Feeder Program Aims to Grow KP Girls Hockey

Christopher Tremblay Staff Sports Writer
Issue Date: 
March, 2018
Article Body: 

Over the past four years, the King Philip girls hockey team has secured a playoff berth in the Division 2 State Tournament. Unfortunately, the Warriors have yet to get out of the first round, losing in the initial contest all four times.
Two years ago King Philip added a junior varsity team to the program, and the Warriors are hoping that this year the feeder program will push them out of the first round and allow them to go deeper into the tournament.
“Playing in our third season with a junior varsity program we have been very successful thus far,” KP coach Jack Unger said. “We’ve only lost five games the first two years and so far this season we only have one. The support of the school committee and the AD has been great and fortunately we have a number of girls who want to play hockey.”
Having a JV program is a key to success; without such a program it can be very tough to advance to the next level with the varsity squad. In the past, Unger has housed as many as 12 athletes on the team, but the numbers are down this season so the coach has been forced to move the fourth line from the varsity team down to stabilize the team on game day. Normally these girls wouldn’t see a lot of ice time so it seems to be a win-win situation.
“Fortunately the King Philip towns have had an influx of incoming freshman with experience and more qualified,” Unger said. “The first year we had a couple of girls who had never skated before but really wanted to give hockey a try. It was a challenge for them to contribute but it was definitely a learning experience.”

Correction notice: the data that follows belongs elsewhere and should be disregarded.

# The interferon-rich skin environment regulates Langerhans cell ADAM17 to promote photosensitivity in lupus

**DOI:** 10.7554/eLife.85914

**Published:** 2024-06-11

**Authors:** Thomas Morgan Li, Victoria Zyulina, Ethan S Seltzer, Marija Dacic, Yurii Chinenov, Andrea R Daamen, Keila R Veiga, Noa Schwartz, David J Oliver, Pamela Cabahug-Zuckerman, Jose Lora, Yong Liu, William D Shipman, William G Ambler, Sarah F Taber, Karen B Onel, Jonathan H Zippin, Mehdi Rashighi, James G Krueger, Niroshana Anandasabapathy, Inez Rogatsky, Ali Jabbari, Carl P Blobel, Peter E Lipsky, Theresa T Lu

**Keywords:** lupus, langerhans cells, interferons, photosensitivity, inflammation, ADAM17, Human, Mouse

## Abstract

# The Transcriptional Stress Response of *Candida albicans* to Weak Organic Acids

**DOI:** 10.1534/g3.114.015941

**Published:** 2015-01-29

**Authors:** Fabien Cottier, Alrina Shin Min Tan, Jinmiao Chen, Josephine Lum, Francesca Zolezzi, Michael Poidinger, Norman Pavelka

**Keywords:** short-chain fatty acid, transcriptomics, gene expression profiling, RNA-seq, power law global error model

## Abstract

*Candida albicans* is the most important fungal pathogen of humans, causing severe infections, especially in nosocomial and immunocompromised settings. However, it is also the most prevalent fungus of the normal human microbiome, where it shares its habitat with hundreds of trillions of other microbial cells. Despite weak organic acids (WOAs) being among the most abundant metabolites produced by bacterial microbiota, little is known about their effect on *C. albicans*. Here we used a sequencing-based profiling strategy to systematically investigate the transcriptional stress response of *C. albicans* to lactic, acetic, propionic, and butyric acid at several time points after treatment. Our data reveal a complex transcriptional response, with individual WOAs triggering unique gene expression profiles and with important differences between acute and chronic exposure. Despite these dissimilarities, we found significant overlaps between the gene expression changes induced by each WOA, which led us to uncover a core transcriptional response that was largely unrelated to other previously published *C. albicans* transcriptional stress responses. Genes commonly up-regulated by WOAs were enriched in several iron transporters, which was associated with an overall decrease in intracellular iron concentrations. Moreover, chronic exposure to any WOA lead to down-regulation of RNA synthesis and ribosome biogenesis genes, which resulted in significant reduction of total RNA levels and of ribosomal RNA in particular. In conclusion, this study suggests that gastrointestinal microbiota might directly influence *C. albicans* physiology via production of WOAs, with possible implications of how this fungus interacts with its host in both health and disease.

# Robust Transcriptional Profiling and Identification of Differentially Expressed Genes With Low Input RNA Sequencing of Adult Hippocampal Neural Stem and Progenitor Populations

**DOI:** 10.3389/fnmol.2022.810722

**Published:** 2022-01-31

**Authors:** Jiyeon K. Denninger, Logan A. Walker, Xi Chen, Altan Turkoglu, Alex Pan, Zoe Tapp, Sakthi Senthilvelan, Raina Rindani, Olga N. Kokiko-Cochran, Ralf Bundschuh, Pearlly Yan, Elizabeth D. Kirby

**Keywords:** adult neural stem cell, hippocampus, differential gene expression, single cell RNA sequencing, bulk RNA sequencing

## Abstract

According to the KP coach, girls hockey seems to be growing, but it’s not universal within the state. Many schools don’t have a consistent JV program. One year a school may have a team and the next they won’t. With the up and down scenario playing out throughout the state, quality is also an issue. With no official league, coaches and athletic directors have to go out and assemble a schedule based upon their needs.
“The main issues are trying to put together a balanced schedule, one which is comprised of competitive teams that are rewarding to play,” the coach said. “Luckily it has not been all that difficult for us. We have been able to get some games with established programs like Natick, Canton and Franklin.”
The Warriors JV program plays approximately 14 games a year, with about 10 of those being at their home arena in Norfolk. As the program continues to get better, Unger is hoping that more young girls become interested in the sport. Playing on the lower level team before entering high school will help make a seamless transition to the varsity program, and that in turn should allow KP to compete against the upper echelon of talented teams in the area.